Day 1 of The (5th Annual) Forum at Gateway College of Evangelism in St. Louis is over in a blur. I'm exhausted with too many responsibilities tomorrow, so naturally I'm blogging.
- Every year we try to foster an atmosphere of non-confrontational dialogue and disagreement. The surest sign we've succeeded is when the 40something people who don't know each other break into spontaneous laughter together. When people are comfortable, they're unafraid to laugh. The enter room laughed thrice during the panel alone.
- Attendees from TX, IA, IL, MO, OK, OH, not counting Gateway and UGST students. Although the Forum was created for 20somethings, the reality is it's focused on anyone wanting to engage contemporary society. It's exciting to see a few 40somethings sneaking in to attend and interact, offering wisdom and experience to the energy and idealism of youth.
- Biggest surprise to the planners was how the attendees chose their electives. Rev. Micah Wisdom shared the Key Note Address on "What's Possible Today," using inspiring examples of what Aps with imagination are creating today. Jason Sciscoe did a spectacular hour building that on "Physical Giftings vs. Spiritual Callings" that turned into fervent prayer and supplication. God surprised us again. 4 electives were then offered to turn inspired Callings into physical realities: Business, Full-time ministry, Community Salt & Light, and "The Arts: Music, Graphic Design, Writing." We were suprised when the biggest group went into the smallest room--"The Arts."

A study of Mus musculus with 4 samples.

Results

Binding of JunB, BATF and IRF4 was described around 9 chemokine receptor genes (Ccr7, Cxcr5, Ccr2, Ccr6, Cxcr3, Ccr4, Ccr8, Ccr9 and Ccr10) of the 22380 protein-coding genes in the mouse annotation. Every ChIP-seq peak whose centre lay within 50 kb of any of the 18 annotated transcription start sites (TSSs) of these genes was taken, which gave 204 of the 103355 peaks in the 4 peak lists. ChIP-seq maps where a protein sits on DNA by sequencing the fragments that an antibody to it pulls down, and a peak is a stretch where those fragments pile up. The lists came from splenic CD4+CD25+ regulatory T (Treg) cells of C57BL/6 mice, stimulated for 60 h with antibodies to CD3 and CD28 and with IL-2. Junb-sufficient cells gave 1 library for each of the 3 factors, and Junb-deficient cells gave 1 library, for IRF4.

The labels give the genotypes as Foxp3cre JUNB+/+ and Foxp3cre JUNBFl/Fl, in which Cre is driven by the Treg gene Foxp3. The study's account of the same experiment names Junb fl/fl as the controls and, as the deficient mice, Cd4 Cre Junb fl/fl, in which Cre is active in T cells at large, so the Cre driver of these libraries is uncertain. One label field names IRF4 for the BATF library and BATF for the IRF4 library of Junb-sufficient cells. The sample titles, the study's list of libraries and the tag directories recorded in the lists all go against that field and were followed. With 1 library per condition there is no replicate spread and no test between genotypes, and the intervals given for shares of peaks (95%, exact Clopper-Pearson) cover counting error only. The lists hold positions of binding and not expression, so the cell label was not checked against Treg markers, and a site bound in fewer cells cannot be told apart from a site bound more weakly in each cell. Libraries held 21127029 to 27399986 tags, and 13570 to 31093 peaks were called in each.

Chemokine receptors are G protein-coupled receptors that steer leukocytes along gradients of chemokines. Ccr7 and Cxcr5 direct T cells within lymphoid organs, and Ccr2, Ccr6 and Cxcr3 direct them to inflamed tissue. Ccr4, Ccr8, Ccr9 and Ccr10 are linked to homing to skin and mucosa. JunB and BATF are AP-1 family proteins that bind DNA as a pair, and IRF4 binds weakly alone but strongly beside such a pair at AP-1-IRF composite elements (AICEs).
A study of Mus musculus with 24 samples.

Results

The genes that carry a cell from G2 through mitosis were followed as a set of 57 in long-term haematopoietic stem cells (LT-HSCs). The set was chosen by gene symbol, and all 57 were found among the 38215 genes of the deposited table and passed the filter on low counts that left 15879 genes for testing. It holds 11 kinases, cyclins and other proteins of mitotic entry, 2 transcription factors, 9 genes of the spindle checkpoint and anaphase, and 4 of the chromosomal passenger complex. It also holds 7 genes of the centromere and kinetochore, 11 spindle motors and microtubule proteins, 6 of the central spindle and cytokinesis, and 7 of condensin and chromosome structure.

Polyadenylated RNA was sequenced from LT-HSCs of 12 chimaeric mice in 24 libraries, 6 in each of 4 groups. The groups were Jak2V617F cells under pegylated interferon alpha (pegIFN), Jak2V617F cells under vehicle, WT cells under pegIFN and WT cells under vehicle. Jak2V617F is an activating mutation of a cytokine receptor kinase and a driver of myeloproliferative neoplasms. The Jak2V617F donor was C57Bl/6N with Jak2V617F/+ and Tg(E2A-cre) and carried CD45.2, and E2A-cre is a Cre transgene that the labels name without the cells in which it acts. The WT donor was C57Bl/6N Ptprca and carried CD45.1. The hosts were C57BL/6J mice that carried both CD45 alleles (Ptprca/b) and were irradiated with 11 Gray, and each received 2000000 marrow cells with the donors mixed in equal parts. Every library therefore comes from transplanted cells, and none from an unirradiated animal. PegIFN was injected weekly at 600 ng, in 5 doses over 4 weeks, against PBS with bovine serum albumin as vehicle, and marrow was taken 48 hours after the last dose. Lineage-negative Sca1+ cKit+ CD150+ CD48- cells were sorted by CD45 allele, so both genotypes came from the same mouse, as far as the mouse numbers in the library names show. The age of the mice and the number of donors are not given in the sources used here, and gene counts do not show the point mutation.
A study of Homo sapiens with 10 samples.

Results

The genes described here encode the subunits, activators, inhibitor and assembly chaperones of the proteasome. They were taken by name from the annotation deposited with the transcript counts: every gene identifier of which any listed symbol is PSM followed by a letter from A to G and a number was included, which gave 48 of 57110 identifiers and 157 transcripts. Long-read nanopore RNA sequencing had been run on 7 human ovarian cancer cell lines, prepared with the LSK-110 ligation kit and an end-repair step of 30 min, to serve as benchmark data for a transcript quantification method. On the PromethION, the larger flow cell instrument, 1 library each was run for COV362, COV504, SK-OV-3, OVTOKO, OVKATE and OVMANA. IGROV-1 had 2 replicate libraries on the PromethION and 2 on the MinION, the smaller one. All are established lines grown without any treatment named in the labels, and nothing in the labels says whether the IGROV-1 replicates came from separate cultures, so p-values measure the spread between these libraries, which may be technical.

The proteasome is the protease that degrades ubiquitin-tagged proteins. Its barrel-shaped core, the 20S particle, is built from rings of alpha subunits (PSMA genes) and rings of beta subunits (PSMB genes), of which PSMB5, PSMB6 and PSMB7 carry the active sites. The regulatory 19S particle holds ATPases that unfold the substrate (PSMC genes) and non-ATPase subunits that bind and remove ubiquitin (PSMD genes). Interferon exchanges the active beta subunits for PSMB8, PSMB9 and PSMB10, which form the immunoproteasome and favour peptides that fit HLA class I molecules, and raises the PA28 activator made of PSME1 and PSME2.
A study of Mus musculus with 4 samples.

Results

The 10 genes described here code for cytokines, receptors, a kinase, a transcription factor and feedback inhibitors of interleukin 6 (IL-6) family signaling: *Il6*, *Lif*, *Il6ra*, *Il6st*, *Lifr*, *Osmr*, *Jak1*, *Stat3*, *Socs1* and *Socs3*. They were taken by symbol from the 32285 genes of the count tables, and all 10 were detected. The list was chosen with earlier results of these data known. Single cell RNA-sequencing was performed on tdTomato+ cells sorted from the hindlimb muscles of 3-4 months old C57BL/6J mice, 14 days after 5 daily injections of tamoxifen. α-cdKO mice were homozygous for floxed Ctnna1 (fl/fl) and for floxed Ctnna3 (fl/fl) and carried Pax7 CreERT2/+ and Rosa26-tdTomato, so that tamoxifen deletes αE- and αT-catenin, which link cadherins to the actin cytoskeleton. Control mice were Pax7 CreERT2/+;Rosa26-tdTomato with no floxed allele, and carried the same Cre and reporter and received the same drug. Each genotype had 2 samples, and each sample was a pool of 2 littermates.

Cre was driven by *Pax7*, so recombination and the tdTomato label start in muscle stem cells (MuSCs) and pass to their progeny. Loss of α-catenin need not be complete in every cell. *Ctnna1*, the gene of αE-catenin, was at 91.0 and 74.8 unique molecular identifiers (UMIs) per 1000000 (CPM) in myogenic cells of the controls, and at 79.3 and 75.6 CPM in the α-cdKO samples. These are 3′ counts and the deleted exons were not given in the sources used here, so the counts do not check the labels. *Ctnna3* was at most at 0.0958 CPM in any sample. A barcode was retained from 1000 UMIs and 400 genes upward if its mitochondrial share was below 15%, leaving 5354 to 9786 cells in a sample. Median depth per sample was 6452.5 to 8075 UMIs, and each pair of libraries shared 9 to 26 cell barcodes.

- On reflection, this shouldn't have been a shock --this generation is hungry to create. Plus, there's precious little in Ap events today about pursuing our Artistic callings (though I understand there were recent events in Louisian & Texas along these lines). Still, it was a charge to see 19 people of all ages soak in methods to pursue their artistic calling -- and even get more traditional Apostolic leadership to support these creative sowers. Hooray for our future!
- Pictures this weekend. Sorry -- a man's got to know his limitations.